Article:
Manufacturing data provides bright start to Carney's first day

Monday, 01 July 2013 02:35

The UK manufacturing sector grew at a faster pace in June, according to the Markit Purchasing Managers’ Index (PMI) out today.

The PMI rose from 51.5 in May to 52.5 in June, a third consecutive reading above 50.0 that indicates growth in the sector. This was the fastest rate of growth seen in the PMI for more than two years.

This was higher than most economists expected and May's PMI figure also rose from 51.3 to 51.5.

It marks a good start to Mark Carney's first day in the job as Governor of the Bank of England and reduces the pressure on him to add further quantitative easing (QE) to the economy.

Market reports that levels of production are rising at the fastest pace since April 2011 and new business orders are coming in at the quickest rate since February 2011.

Markit said demand for manufactured goods was increasing both domestically and overseas.

The manufacturing sector has been strengthening since the beginning of the year and is likely to provide a positive contribution to the GDP data for the second quarter, the first estimate of which will be published by the Office for National Statistics (ONS) in late July.

Rob Dobson, Senior Economist at Markit said: “The UK manufacturing sector made positive strides on the recovery path during the second quarter of the year. June saw output and new order growth hit rates not seen since early-2011, as a brightening domestic market and resilient overseas demand led to a broad-based expansion across the sector.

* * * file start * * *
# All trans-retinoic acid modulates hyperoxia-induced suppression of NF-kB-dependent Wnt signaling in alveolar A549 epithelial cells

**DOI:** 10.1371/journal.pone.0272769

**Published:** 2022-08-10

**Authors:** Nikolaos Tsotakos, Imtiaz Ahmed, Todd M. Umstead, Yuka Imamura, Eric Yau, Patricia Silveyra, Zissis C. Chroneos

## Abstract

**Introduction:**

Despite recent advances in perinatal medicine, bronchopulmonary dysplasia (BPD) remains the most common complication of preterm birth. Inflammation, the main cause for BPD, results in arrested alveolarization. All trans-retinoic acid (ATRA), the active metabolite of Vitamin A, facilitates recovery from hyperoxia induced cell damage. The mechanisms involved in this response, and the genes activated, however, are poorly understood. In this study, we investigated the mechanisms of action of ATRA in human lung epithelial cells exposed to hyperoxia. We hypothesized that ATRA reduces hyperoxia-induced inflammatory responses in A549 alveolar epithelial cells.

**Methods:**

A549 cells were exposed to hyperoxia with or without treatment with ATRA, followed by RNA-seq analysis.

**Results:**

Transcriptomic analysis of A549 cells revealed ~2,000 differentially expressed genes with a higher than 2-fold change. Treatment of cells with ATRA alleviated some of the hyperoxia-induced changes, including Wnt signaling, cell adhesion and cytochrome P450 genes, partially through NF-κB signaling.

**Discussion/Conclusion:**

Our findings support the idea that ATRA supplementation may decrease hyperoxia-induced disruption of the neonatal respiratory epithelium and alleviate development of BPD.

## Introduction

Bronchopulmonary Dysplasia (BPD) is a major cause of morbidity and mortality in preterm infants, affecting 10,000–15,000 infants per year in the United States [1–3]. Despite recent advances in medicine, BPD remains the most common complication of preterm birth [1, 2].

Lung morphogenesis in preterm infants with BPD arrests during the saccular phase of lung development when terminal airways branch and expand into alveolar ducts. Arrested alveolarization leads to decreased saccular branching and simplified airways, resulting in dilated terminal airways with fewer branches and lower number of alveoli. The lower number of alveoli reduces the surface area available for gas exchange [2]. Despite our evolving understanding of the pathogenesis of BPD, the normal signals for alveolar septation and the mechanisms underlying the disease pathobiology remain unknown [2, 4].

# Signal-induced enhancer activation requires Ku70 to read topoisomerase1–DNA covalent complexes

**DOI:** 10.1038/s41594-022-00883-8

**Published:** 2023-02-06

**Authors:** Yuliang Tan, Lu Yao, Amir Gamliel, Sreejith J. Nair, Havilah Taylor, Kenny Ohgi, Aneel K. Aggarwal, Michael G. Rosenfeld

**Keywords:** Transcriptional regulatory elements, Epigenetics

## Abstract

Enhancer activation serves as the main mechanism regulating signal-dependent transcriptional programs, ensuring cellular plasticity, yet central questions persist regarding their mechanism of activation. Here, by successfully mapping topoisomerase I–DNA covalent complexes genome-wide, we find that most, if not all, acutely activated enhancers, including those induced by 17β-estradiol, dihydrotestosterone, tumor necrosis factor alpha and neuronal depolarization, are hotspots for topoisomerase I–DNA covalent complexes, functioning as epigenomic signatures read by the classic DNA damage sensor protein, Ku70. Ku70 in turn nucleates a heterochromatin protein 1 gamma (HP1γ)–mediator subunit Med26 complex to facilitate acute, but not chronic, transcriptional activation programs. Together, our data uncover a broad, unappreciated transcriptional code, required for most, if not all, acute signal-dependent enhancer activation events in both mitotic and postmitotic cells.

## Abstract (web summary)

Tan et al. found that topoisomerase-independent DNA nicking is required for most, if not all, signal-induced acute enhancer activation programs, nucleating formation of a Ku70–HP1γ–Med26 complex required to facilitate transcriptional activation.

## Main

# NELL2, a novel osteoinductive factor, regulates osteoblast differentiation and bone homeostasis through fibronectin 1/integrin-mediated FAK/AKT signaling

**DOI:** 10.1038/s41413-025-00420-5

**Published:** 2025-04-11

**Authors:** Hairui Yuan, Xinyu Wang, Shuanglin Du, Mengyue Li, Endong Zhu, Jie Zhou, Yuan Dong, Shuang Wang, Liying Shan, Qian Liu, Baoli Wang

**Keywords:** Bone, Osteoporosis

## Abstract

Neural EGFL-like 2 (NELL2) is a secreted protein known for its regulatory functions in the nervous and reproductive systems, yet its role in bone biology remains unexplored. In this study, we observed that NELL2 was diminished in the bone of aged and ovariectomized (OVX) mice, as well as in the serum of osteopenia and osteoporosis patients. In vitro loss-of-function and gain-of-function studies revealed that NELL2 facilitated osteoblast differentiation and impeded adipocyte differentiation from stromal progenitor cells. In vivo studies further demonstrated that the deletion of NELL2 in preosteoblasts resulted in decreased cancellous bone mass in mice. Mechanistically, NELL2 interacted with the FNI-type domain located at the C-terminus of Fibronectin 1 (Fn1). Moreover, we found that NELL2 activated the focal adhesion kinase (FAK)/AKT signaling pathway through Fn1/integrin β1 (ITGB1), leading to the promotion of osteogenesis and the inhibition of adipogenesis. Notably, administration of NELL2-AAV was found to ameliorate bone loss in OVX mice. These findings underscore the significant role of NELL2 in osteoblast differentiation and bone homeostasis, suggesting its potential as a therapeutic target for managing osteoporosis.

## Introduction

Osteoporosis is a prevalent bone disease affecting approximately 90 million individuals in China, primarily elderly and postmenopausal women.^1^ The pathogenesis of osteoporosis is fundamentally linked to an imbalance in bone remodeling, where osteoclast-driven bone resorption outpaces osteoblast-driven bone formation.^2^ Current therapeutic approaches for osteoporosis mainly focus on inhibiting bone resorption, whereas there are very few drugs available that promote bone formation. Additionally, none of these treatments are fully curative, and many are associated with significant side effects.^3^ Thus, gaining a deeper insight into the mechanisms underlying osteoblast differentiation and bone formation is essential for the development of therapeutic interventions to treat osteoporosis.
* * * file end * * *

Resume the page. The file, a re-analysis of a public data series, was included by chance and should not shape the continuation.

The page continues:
“Taken with recent signs of service sector strength and a stabilising construction industry it paints a picture of UK economic growth picking up from the opening quarter's 0.3% to at least 0.5%.

“It therefore seems increasingly unlikely that the Bank of England's policymakers will opt for further asset purchases at its meeting later this week.”

Markit said the improved performance covered all different sub-sectors of the industry and anecdotal evidence from firms in the manufacturing sector said that the improvements and increased inflows of new work are linked to “strengthening confidence among clients and consumers”.

Howard Archer, Chief UK & European Economist at IHS Global Insight said: “This is the first time that the survey has indicated three successive months of manufacturing expansion since January-March 2012, which fuels hope that the sector is establishing genuine recovery.”

Looking ahead, Mr Archer said that the improved performance from the manufacturing sector in the second quarter could reverse the negative influence the sector had on GDP in the first quarter.

Mr Archer said: “It is looking like the GDP growth rate could have doubled in the second quarter from the 0.3% quarter-on-quarter rate seen in the first quarter. Manufacturing output held back GDP in the first quarter as it contracted by 0.3% quarter-on-quarter, following a pretty torrid 2012.”

David Noble, chief executive of the Chartered Institute of Purchasing & Supply (CIPS), said: “Momentum is building in manufacturing as the sector begins to work up a head of steam.

“Employment is the one disappointing spot, showing little change from last month; a reminder of the anxiety that still exists in the sector.”